THEATER | “The Soul of Gershwin” at the Park Square Theatre: Music with Yiddish roots and modern influence


A parsing of the musical influences on George Gershwin’s brilliant body of work is the essence of “The Soul of Gershwin” presented by Park Square Theatre this holiday season. The audience is treated to enchanting renditions of Gershwin’s songs and a celebration of the origins of his musical genius in immigrant cantor music.

Joseph Vass both wrote the play and serves as musical director. Peter Moore directs the production. Dispersed between the musical interludes, Michael Paul Levin in the role of Gershwin narrates a tour of Gershwin’s musical inspirations. 

The show opens with an impassioned rendition of “Rhapsody in Blue” played by Vass’s group Klezmerica, with Vass on piano and Dale Mendenhall on one “hot” clarinet. Remaining group members are Chris Bates on bass, Jay Epstein on drums, Adam Meckler on trumpet, and Gary Schulte on violin.

Levin quips at one point, “Mediocre songwriters borrow. Great songwriters steal.” Thus, Gershwin was among the great stealers, most of it was from the Yiddish musical tradition. Some of the most magical moments of the evening occur when Maggie Burton, who plays the role of Cantor, sings old Yiddish songs, showing how these songs were transposed into the many Gershwin hit songs such as “I’ve Got Rhythm.”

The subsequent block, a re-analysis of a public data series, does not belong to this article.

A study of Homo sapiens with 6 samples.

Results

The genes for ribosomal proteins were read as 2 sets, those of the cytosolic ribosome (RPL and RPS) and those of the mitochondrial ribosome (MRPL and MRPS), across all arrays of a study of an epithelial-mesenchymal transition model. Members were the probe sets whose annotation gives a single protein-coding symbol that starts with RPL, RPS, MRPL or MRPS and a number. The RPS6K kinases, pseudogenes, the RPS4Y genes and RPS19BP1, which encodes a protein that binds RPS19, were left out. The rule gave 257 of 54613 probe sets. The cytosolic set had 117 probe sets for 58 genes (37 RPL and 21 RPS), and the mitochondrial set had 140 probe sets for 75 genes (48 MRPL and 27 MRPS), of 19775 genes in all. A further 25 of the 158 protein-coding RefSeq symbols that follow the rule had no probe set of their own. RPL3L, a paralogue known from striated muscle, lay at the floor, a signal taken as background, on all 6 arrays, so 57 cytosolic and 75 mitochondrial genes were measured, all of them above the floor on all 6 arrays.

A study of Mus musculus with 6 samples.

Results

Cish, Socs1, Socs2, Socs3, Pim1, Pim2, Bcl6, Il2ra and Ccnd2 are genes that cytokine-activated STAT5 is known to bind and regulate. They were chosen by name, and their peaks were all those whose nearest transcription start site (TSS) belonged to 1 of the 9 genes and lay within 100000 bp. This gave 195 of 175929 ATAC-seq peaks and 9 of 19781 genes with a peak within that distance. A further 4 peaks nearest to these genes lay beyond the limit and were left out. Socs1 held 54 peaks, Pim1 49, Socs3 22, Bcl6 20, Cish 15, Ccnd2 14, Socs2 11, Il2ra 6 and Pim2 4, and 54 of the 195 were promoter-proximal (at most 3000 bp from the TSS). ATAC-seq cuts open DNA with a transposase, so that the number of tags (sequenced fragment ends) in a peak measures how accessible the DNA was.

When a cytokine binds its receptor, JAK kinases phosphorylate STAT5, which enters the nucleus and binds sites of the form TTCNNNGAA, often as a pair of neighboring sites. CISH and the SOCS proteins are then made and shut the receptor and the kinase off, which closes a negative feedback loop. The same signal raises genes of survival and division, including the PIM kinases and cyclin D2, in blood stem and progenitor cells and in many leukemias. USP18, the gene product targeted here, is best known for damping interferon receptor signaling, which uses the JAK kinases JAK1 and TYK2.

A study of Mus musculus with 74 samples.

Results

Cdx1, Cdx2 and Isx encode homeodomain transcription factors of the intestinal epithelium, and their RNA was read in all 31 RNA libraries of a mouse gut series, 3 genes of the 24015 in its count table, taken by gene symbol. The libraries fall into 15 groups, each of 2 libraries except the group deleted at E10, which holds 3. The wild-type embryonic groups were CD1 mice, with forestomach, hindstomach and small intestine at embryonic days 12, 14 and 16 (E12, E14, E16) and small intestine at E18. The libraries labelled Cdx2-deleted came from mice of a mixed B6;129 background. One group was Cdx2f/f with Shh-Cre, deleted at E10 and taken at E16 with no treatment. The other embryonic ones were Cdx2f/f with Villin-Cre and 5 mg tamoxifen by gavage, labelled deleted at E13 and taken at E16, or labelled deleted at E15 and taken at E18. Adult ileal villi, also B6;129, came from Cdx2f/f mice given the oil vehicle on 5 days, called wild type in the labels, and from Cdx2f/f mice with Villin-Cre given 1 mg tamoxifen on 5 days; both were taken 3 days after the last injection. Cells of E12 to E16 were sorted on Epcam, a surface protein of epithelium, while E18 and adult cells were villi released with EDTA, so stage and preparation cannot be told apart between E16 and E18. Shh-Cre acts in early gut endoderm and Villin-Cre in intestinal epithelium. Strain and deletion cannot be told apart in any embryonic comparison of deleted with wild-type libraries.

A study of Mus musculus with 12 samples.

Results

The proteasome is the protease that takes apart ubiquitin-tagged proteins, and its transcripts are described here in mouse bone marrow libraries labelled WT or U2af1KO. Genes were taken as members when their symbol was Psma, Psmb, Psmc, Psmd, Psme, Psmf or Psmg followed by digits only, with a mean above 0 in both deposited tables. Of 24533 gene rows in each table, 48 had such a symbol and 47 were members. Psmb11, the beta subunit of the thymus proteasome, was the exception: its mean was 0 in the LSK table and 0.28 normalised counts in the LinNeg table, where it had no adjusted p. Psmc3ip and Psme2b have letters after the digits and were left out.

Rounding out the musical ensemble are Prudence Johnson as the Chanteuse and T. Mychael Rambo as the Storyteller. Johnson and Rambo both provide strong singing performances of Gershwin’s many memorable tunes including “Summertime” and “It Ain’t Necessarily So.”  Burton, Johnson and Rambo also all do a rousing rendition of the TV theme song “Meet the Flintstones,” a song whose rhyme was obviously lifted from Gershwin’s “I Got Rhythm.”

This show is much more a musical revue than drama. But the story of the music is memorable. Beyond emphasizing how Yiddish music influenced Gershwin, the show also demonstrates its influence on other great 20th Century composers such as Irving Berlin and Cole Porter. There was even a bit about Yiddish music’s role in the development of jazz and blues music. Walking out of the theater after the performance, I couldn’t help but note how incredibly educational the evening had been.